Migrants Budapest Hungary train station
(Matt Cardy/Getty Images)

As the image of drowned three-year-old refugee Aylan Kurdi was shared around the world, British public opinion towards the thousands of refugees and migrants braving the dangerous journey from their often war-torn homes to Europe appeared to shift.

The hash-tag #RefugeesWelcome was trending on Twitter late Thursday with 74,000 tweets over the past 24 hours and almost 9,000 between 3pm and 4pm. Meanwhile, a petition launched on a government homepage calling for the UK to take in more asylum seekers from war-torn countries such as Syria had attracted over 200,000 signatures on Thursday.

The petition, launched by Katie Whyte, attracted most of its signatures in the past 24 hours, easily doubling the 100,000 threshold for it to be debated in parliament.

Even The Sun, which recently printed an opinion piece by columnist Katie Hopkins comparing refugees to cockroaches, called on Prime Minister David Cameron to deal with the "heart-breaking life and death situation" that has seen 2,300 refugees drown in Mediterranean this year.

Both David Cameron and chancellor George Osborne seemed unmoved by this groundswell of support for refugees in Britain in recent days, with the PM sticking to his view that the country could not accept more people and Osborne blaming the deaths on Islamic State (IS) and human trafficking gangs.

But images of desperate refugees in Hungary being shut outside Budapest's central train station and more stories about migrants and refugees lost at sea – not to mention the tragic case of Aylan Kurdi and his family – have only served to highlight how little Britain is doing to solve the migrant crisis.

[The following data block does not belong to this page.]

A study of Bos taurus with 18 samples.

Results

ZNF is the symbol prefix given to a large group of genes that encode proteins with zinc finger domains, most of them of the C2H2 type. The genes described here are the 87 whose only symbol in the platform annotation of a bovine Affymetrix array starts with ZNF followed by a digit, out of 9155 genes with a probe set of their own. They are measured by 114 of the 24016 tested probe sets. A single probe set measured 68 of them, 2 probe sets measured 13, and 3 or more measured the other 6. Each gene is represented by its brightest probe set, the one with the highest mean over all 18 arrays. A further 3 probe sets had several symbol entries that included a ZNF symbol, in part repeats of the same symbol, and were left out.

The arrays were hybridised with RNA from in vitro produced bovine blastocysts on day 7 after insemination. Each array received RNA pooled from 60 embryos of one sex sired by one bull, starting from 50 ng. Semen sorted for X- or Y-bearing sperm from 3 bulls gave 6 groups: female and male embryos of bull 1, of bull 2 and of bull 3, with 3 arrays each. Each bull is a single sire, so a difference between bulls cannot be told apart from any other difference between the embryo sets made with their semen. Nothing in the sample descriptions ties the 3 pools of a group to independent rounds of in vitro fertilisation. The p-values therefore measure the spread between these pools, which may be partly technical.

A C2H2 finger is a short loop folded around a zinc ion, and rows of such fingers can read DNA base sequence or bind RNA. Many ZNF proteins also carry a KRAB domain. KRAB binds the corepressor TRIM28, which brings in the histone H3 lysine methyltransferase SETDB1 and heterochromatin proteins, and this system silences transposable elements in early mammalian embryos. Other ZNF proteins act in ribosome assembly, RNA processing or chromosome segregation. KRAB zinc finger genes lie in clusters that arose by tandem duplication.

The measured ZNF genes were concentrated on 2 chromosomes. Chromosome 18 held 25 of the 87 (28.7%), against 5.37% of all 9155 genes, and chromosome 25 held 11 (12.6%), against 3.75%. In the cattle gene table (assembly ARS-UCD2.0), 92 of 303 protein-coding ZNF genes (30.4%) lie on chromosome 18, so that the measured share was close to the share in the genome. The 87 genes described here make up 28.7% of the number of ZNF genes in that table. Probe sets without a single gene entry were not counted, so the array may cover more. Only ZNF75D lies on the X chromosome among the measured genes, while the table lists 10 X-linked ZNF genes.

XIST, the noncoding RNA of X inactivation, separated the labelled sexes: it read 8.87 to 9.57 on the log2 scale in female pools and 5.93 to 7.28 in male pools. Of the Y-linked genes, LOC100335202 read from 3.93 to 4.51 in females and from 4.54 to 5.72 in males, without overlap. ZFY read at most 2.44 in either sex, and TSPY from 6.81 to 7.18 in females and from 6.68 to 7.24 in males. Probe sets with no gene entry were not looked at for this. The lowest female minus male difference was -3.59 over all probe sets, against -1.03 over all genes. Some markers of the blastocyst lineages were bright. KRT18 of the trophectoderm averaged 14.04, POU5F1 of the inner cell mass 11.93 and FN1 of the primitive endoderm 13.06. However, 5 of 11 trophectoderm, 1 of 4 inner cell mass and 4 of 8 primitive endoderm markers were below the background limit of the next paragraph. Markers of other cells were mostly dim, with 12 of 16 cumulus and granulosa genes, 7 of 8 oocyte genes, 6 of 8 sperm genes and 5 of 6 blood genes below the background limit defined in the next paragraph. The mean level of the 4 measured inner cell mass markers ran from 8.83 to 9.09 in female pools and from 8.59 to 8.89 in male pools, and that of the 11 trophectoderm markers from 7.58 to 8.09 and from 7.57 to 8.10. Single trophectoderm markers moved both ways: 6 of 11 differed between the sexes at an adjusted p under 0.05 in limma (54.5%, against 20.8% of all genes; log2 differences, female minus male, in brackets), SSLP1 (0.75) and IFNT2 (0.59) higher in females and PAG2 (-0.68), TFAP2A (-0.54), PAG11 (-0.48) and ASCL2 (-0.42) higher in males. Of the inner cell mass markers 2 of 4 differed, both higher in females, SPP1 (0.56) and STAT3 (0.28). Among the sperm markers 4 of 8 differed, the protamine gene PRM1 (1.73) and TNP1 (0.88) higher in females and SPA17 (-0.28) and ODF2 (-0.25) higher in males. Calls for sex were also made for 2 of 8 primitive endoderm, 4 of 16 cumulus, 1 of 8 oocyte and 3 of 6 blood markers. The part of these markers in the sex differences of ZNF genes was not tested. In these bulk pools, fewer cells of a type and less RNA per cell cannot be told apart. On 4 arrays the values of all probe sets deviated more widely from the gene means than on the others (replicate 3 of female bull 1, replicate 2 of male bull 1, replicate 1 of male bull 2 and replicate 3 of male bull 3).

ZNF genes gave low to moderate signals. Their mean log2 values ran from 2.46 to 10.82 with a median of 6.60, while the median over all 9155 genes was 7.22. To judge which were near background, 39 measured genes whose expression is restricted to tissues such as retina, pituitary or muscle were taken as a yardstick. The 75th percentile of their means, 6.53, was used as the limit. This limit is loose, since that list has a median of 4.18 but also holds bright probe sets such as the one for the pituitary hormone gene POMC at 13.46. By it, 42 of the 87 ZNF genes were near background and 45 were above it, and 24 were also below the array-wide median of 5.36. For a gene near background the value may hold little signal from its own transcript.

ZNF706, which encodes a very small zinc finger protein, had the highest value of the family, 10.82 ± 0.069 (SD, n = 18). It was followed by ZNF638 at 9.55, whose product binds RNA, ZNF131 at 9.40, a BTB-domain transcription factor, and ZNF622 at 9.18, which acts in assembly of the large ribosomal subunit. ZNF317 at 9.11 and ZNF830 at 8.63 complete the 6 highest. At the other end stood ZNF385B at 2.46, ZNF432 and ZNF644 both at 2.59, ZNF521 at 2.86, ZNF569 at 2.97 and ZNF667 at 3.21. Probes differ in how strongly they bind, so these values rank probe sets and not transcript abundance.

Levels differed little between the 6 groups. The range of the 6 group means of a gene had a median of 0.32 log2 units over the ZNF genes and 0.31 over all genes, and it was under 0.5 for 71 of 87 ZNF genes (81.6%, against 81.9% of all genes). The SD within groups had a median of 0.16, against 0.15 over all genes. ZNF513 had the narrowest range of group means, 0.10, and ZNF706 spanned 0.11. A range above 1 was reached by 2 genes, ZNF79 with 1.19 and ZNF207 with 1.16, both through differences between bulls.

Acting Labour leader Harriet Harman has written to Cameron to argue that Britain has a moral duty to take in more refugees, while shadow home secretary and leadership hopeful Yvette Cooper said that UK should take 10,000 more refugees.

But it is at the grass roots level that the pro-refugee argument was being made so forcefully in the wake of the Kurdi images. Not only was Whyte's petition trending on Twitter but a number of other Facebook and Twitter groups were springing up online.

Writing on her Facebook page, Whyte said that she did not accept that the anti-refugee rhetoric in recent weeks represented British public opinion.

"I keep hearing how people who want to help refugees in Britain are in the minority but I don't believe this. There are thousands of British people currently sending what aid they can and support is increasing day by day. I know that people have different opinions but I think that compassion will win through," she wrote on 30 August.

One other prominent campaign was the #RefugeesWelcomeEFL group, which called for English Premier League clubs to unfurl banners at football games across the country on September 12, when the league returns after the break for international play-offs this weekend.

Within hours of being launched, the campaign had received support from fans of Charlton, Swindon and Aston Villa, with the Premier League side's supporters pledging to fly a banner in support of asylum seekers at the club's next game away at Leicester.

It follows a similar campaign in Germany, where banners carrying the message: "Refugees Welcome" were seen at games on 29 August, where just a few days earlier Borussia Dortmund invited 220 refugees to watch their Europa League tie against Norwegian club Odds Ballklubb, according to i100.

Other prominent figures including footballer Lukas Podolski, Daimler boss Dieter Zetsche and Nobel-winning writer Herta Muller have also rallied against refugee hate in a seven-page spread in tabloid Bild.

It also ran an editorial from Muller called: "I was also a refugee", recounting how thousands of Germans fled from the Nazi regime. "Everyone who fled into exile from the Nazis was saved... Germany must do what other countries had done earlier for the Germans," she wrote.